I admit it, sometimes I don’t want to work out. I’m tired or hungry or I think I may have strained my left earlobe, so I should probably rest it. Whatever the excuse, I’ll find it. But, since I know that working out is an important path to being a whole, healthy human, I try to work out no matter how I’m feeling. Here are some ways I’ve combatted the urge to choose naptime over exercise.
Think of your future self. Usually if I’m deciding between working out now and working out in a few hours (during which I will inevitably lose my momentum), I think of my future self. Future Shan will be so happy that I worked out today. Future Shan will be one step closer to her goals of being a healthy human who can lift heavy stuff up and then put heavy stuff back down without hurting herself. Future Shan loves when Past Shan has done the work. Really loves it. Wants to throw Past Shan a parade.
Logic yourself. One of my colleagues asked me a very important question when I said I was tired and didn’t want to work out. Will not working out make you less tired? The answer was inevitably no. So I worked out. (This can also work for emotional distress, general stress, etc.)
Find a way around your excuse. This is like logic with an action step. If you’re too hungry to work out, have a light snack and then work out (or sip on a super shake while you work out). If you have too many errands to run, ride your bike or jog to your errands instead of driving. If you have no clean clothes—where’s the excuse there? You’re just going to get them sweaty anyway. And so on. Whatever your obstacle, find a way around it.
Pre-plan. This helps two-fold. Firstly, this helps with getting to the gym. Keep your gym clothes/water bottle/sneakers handy, schedule in your workouts, snack an hour before your scheduled workout, choose a gym that’s on the way home from work, etc.. Do things in advance to make actual working out as easy as possible. Secondly, this helps with the workout itself. Find a workout program and follow it. If you take the guess work out of what you’re doing, it makes it easier to get the work done.
If you have to, bargain. If you planned to run 3.5 miles, tell yourself that you’re going to run 2 miles and then see how you feel. If at 2 miles you still feel good, awesome! Now try to get to 3. Then you might as well complete the 3.5; I mean, you’ve already done 3. But if you decide at 2 miles that you’d rather stick the claw-end of a hammer in your eye, stop. Cool down, stretch, whatever. Be psyched that you worked out at all. (Celebrate any and all victories.)
Find a way to work out at home. If you really can’t get away or if you can’t afford a gym, set up a workout space. A stability ball, some dumbbells, resistance bands, and a yoga mat can take you far. Not enough cash/space for all that? Bodyweight will do. And you could always squat while holding your baby, dog, plant, gallon of milk if you want to.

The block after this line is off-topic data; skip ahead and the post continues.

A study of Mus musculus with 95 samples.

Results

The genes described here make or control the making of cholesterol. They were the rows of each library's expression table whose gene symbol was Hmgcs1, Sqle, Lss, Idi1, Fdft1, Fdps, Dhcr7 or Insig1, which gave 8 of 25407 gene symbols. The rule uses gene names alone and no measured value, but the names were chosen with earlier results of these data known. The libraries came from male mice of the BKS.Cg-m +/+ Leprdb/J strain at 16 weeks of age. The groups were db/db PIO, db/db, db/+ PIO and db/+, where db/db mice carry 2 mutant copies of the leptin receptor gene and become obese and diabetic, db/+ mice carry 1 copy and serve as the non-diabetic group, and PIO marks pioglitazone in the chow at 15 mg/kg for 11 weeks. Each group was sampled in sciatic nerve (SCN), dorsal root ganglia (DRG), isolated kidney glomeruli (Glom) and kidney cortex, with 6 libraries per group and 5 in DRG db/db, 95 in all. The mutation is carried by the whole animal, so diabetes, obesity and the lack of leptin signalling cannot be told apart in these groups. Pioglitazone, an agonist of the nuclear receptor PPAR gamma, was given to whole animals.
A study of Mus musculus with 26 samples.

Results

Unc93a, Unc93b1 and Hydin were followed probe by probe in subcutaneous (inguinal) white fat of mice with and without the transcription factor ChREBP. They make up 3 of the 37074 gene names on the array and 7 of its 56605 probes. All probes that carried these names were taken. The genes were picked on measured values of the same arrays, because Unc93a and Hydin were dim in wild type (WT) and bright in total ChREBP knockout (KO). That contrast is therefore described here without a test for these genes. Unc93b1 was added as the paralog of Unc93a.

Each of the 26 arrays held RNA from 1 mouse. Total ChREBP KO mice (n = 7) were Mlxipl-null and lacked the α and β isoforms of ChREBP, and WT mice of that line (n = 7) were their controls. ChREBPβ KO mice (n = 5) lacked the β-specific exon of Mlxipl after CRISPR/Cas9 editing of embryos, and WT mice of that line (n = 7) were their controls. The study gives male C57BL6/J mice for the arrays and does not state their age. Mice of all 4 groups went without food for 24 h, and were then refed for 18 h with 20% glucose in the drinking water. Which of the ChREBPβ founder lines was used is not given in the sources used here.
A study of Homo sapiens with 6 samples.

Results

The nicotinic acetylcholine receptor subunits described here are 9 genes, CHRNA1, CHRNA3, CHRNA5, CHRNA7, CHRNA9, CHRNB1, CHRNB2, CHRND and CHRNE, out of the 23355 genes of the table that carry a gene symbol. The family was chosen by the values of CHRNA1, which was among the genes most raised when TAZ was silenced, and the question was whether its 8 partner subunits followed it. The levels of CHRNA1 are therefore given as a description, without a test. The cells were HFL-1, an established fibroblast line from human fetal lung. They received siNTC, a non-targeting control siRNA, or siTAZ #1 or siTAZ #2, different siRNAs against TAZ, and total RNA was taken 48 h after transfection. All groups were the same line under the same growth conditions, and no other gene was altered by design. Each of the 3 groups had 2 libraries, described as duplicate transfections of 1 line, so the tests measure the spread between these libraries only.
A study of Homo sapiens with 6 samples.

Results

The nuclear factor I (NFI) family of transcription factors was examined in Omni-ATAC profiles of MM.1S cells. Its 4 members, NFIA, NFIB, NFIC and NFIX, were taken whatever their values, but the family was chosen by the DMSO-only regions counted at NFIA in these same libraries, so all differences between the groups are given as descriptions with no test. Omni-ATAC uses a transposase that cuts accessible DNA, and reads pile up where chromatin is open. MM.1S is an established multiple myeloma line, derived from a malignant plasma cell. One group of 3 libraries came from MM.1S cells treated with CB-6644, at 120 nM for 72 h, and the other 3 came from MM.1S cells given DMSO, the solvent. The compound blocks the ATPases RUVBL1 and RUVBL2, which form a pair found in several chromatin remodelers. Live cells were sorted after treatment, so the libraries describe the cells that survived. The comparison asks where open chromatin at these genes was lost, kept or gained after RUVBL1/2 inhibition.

Play. Don’t feel like doing a heavy set of deadlifts or running 12 miles today? Give yourself some playtime instead. One secret thing I like to do is to look for workouts on YouTube. Zumba? Boxing? Yoga? Yes, please! I can look like an idiot and no one sees me! I don’t expect to be good at it, because I haven’t done it before! (Side note: don’t do anything that is going to get you hurt.) I can laugh at myself, have a little fun, and get a little sweaty. While it might not improve my deadlift or get me closer to my first marathon, it’s better than sitting around binging netflix. (You can do that after your workout.)
Find someone to hold you accountable. This can be a trainer, a scheduled class, or workout buddy. Having an appointment to work out can make the difference between getting to the gym and not. If your schedule is too up-in-the-air to be structured (or if you can’t afford a trainer or a class, ask a friend to check in with you daily. (Did you get your workout in? Great!) I have a friend who posts a sweaty selfie every time she works out, thereby becoming accountable to the whole world! (Hi, Mama Niki!)
Re-prioritize. Sometimes other life things, like work or family, will get in the way of working out. If you have a big project due at work or your mom broke her leg and you have to do some extra caretaking, you might not be able to get in your workout. That’s okay. Sometimes working out just can’t be the most important thing. Keep in mind, however, that for your entire life, you’re only allotted one body. If you don’t maintain it, it will fall apart. So eat well, work out, and live to be 150 so that you can finally see the first woman become president of the United States. (Just kidding. I hope.)
Check back next week for some bodyweight exercises that you can do at home to minimize your excuses!
Looking for the accountability and expertise of a trainer, but need more flexibility in your schedule? Check out my distance coaching services!